After Freud, CBT offers hope

Two of the pioneers of CBT were Jews – Pittsburgh-born psychologist Albert Ellis and University of Pennsylvania psychiatrist Dr. Aaron Beck. The long-lived Ellis (1913 to 2007) developed six decades ago what he called Rational Emotive Behavior Therapy.

Ellis is regarded as one of the founders of the cognitive paradigm shift in psychotherapy and the founder of cognitive-behavioral therapies.

His psychologist wife, Dr. Debbie Joffe Ellis (who was much younger than him) was born and raised in Melbourne and became a mental health and adjunct professor at New York’s Columbia University. She worked with her husband until his death and is connected with a number of psychological associations in the US and Australia that are involved in CBT.

Beck independently carried out a number of clinical trials to test psychoanalytic concepts of depression. While he was certain that his studies would provide backing for Freudian ideas, he was amazed to find that they didn’t. Looking for other ways to deal with depression, Beck believed people suffering from clinical depression had “automatic streams of negative thoughts” about themselves, the world and/or the future; by helping them identify and evaluate these automatic thoughts, Beck said, they felt better and were able to function much better; surprisingly, these changes were not evanescent but lasting.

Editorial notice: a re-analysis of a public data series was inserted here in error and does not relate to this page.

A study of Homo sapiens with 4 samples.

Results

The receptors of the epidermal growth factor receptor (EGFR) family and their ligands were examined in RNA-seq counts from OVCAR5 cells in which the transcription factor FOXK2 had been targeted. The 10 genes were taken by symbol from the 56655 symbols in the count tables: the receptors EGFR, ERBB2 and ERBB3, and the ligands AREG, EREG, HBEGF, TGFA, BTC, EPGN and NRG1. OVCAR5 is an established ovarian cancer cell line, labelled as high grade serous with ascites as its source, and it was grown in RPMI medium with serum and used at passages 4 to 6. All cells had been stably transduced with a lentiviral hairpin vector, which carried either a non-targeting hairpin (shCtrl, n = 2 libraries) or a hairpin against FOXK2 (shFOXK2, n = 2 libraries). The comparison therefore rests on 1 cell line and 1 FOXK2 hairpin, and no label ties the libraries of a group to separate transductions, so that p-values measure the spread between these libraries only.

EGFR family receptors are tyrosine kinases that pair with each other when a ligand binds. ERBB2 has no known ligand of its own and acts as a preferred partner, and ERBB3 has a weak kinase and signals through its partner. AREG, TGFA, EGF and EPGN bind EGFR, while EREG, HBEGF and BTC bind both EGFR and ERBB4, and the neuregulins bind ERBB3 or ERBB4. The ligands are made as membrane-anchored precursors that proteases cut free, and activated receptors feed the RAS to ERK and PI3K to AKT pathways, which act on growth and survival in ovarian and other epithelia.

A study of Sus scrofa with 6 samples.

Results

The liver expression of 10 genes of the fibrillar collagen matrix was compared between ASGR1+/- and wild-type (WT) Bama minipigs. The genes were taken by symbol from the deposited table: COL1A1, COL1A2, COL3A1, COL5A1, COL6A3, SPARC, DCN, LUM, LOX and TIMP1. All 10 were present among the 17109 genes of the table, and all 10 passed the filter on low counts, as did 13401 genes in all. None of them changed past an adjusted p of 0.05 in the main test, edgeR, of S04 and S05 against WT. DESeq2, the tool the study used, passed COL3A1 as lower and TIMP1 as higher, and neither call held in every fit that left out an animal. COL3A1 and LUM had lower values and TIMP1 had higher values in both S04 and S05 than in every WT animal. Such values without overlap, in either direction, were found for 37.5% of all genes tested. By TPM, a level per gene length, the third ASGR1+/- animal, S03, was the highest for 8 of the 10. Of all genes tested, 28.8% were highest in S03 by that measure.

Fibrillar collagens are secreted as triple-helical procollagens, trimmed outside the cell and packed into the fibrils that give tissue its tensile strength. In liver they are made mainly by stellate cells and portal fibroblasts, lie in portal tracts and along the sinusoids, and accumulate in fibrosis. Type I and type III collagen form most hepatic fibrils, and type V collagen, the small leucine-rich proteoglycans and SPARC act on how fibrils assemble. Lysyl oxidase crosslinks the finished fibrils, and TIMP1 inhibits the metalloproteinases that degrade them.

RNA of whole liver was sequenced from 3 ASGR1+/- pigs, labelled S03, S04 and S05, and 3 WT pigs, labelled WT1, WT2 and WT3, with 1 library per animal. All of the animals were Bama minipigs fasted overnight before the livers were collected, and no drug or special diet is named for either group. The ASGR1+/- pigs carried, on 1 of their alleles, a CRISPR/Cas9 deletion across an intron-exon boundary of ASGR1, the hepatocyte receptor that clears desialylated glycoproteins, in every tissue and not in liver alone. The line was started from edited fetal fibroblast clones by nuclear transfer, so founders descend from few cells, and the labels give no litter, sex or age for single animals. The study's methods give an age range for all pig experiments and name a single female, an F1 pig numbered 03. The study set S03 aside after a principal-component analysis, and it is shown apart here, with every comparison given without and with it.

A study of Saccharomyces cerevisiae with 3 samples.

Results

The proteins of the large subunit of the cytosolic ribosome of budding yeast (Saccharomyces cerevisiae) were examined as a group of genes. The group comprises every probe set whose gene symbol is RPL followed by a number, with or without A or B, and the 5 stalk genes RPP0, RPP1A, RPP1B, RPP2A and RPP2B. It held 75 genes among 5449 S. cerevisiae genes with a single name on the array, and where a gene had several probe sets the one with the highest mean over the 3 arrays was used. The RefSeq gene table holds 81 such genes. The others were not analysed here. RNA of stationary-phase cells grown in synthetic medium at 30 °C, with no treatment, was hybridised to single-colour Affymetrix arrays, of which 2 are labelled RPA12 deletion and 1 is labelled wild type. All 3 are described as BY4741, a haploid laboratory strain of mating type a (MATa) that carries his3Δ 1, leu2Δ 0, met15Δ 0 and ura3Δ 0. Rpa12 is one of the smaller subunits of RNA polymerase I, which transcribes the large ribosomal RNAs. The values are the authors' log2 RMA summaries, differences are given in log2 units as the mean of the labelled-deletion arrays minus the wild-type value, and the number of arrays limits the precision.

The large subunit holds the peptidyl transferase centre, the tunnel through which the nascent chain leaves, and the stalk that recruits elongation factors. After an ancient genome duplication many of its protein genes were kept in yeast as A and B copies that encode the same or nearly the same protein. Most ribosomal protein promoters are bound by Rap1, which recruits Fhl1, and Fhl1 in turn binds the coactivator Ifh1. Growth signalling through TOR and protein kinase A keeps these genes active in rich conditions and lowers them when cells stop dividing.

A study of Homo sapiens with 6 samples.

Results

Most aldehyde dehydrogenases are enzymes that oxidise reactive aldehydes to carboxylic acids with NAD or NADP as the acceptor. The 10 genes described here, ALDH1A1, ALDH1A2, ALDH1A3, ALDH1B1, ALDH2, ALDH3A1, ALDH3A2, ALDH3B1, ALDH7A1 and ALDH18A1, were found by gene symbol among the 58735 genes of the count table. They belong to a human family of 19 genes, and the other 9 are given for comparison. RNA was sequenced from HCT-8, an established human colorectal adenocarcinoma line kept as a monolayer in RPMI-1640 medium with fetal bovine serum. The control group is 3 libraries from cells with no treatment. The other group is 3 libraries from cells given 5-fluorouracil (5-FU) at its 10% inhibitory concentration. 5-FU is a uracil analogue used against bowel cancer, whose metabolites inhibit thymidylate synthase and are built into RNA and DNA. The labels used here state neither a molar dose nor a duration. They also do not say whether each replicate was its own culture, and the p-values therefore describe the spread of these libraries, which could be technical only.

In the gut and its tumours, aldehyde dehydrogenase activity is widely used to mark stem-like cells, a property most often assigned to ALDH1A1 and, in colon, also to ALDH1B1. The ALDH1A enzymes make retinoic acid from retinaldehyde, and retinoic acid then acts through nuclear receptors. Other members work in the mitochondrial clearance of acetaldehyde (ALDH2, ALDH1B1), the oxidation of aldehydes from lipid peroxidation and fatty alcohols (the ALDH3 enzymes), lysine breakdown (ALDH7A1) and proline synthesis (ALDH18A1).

One of the forerunners of CBT – before cognitive theory was combined with behaviorism – was the noted Russian physiologist Ivan Petrovich Pavlov, who was famous for his work on animal learning, digestion and salivation in dogs and his theories of classical conditioning. In his experiments, he found that if a buzzer was sounded when food was brought to them, eventually dogs learned to connect the noise to the food and would salivate reflexively even without the arrival of the food. Classical conditioning eventually served as a basis for some CBT treatment.

Another early forerunner was US psychologist B. F. Skinner, famous for his utopian novel Walden Two, who described his theories as “radical behaviorism” and believed that reinforcement shapes and controls behavior. Positive reinforcement, he said, was bolstering behavior with an event such as praise, while negative reinforcement is the strengthening of behavior via some unpleasant stimuli, such as punishment. These ideas too have been incorporated into CBT.